Is it possible to record a video on to a cdr

Discussion in 'Digital TV & Video Players & Recorders' started by Ash007, Jan 21, 2002.


    Ash007

    If yes, how do I do it?
    (I have a cd writer on my PC)

    Thanks,
    Ash
     
  2. Starburst

    Starburst
    Now as long as your dvd player can read cdr's it should playback ok.

    Useful links...
    www.vcdhelp.com
    www.doom9.org
     
  3. Blu-rayx

    Blu-rayx
    have you found out how to do this from your pc because i cant make head or tail of this.

    thanks

    dvd
     
  4. LV426

    LV426

    1) Decide whether your DVD player is able to read CDRs or not. If not use CDRW discs to make the VCD.

    2) Find out what CD burning software and version you have and check out its features. For example, Roxio Easy CD Platinum will make a fully compliant VCD for you from AVI files (and some other types) automatically.

    3) If you don't have a burning software that converts in this way, but it WILL make a video CD from already-converted files, you will need to do the conversion yourself first. The files that go onto video CDs are of a very specific format - MPEG1 with a given structure that must be exact. So, if you need to convert it yourself, go to www.tmpgenc.net and download their software. You will also need winzip to unzip it, and you will need to create your own shortcut because it doesn't come with an installer. It is freeware. VCDhelp will tell you how to use TMPGENC.

    4) If your CD burning software doesn't support VCD, then you will need new burning software. Nero from www.ahead.de is good. Roxio Easy CD platinum is easier to use. You have to buy these.

    5) Once you have converted your video file into a suitable MPEG file (if necessary) you make the CD using the Video CD option in your burning software. You can't just put files on the disc; VCDs have a specific file structure that your burning software will create for you.

    6) Once you get the hang of it, you can start being more creative by making menus and alternate play sequences etc.

    Enjoy....
     
  5. Blu-rayx

    Blu-rayx

    sorry to sound a pain but when recording video cd is it from a video recorder or video camcorder.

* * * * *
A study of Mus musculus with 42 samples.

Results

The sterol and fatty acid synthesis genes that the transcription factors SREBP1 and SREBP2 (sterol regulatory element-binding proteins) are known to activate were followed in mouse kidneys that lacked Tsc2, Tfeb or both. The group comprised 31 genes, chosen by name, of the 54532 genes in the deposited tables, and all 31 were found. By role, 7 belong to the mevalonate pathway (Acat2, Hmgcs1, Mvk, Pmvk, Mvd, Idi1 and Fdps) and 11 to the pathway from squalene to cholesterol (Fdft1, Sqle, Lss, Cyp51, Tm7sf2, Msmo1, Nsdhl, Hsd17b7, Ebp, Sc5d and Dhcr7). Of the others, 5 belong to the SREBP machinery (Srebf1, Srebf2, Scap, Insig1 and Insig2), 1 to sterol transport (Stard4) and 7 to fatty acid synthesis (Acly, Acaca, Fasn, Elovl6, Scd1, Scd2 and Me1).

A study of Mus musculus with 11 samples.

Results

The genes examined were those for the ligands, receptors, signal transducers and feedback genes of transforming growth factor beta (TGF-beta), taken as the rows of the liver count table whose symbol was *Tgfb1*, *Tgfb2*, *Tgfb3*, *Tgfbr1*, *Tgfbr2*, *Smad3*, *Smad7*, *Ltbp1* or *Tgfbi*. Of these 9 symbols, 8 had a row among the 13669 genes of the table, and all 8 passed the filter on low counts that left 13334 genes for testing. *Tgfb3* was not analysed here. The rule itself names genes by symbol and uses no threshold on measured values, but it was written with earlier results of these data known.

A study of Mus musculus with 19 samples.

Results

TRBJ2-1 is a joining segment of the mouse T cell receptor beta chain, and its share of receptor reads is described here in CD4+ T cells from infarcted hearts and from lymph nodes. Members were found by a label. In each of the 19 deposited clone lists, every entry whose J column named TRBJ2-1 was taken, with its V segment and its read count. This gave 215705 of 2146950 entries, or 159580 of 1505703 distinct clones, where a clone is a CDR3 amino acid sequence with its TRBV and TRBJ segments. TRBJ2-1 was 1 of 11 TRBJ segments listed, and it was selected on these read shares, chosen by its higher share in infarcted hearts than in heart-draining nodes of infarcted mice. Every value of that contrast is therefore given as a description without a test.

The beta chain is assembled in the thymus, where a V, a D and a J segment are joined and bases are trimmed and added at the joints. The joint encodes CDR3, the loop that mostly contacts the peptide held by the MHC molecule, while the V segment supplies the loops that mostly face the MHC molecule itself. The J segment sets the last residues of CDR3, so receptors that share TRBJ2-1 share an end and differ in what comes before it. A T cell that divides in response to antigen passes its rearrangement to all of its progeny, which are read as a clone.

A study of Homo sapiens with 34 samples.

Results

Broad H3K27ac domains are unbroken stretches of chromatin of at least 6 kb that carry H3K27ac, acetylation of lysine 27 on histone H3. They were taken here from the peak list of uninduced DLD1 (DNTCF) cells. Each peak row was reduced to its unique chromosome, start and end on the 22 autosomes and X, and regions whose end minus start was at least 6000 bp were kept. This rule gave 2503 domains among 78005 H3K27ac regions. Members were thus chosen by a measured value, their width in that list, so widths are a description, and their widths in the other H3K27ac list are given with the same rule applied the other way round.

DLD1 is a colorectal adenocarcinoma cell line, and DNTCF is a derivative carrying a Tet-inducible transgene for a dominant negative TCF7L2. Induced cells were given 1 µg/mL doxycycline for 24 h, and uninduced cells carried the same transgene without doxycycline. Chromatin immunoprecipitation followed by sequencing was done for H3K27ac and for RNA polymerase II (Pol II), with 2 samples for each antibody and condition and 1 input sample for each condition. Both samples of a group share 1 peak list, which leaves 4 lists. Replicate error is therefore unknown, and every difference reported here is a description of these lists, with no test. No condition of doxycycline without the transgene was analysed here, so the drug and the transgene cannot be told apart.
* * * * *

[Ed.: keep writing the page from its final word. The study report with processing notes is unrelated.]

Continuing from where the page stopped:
thanks

    dvd
     
  6. LV426

    LV426

    You first need some way of getting the Video onto your PC's hard disk. And you will probably need a BIG hard disk, 'cos video gobbles up disk space like it had gone out of fashion.

    So, you will need some sort of video capture card. Once you have one, it doesn't matter what you connect into it. It works pretty much like a VCR - making a copy of whatever is going down the input wire.

    If you have a digital camcorder there may be another way of getting the digital video onto your hard disk, but I'm not familiar with these devices so I can't comment.

    Once the video is in the PC as a file, then you do what I said above.
     
  7. DaveP

    DaveP

    Which one, how much? Is it any good? Does it do the job?

    Best save up for a DVD Recorder methinks!!

    DaveP
     
  8. LV426


    Mine is four years old and no longer available. It is a Matrox Rainbow Runner and produces very good results. It generates video files in a compressed format to save disk space, but this is a proprietary format that can only be decoded using the same card.

    Take a look at www.vcdhelp.com - there is a section on video capture cards which may give you some pointers.


    DVD Recorder: I presume you are talking about an under-the-TV device. Fine, but expensive, and there is the little outstanding business of the format war (visions of VHS/V2000/Betamax).

    Bear in mind that, if you do stuff on your PC you can be much, much more creative when it comes to editing, adding titles, crossfades and other effects, plus creation of menu structures and so on.

    And, as you know, blank CDs are 20p each; blank DVDs are £5. If you mess up and make a coaster, a CD coaster costs 20p; a DVD coaster costs £5.

    Downside of VCD over DVD: Only 75 minutes max running time, and poorer video quality than DVD.

    I'll be going for a PC-based DVD writer, but probably not for three or four years. Right now, a good capture card designed to make DVD-quality files is about £400 and needs a dedicated SCSI hard disk (more money) and a DVD writer costs another £400. In three or four years..........who knows? Four years ago my CD writer was nearly £300 and blank CDs were £4 each. Get the picture?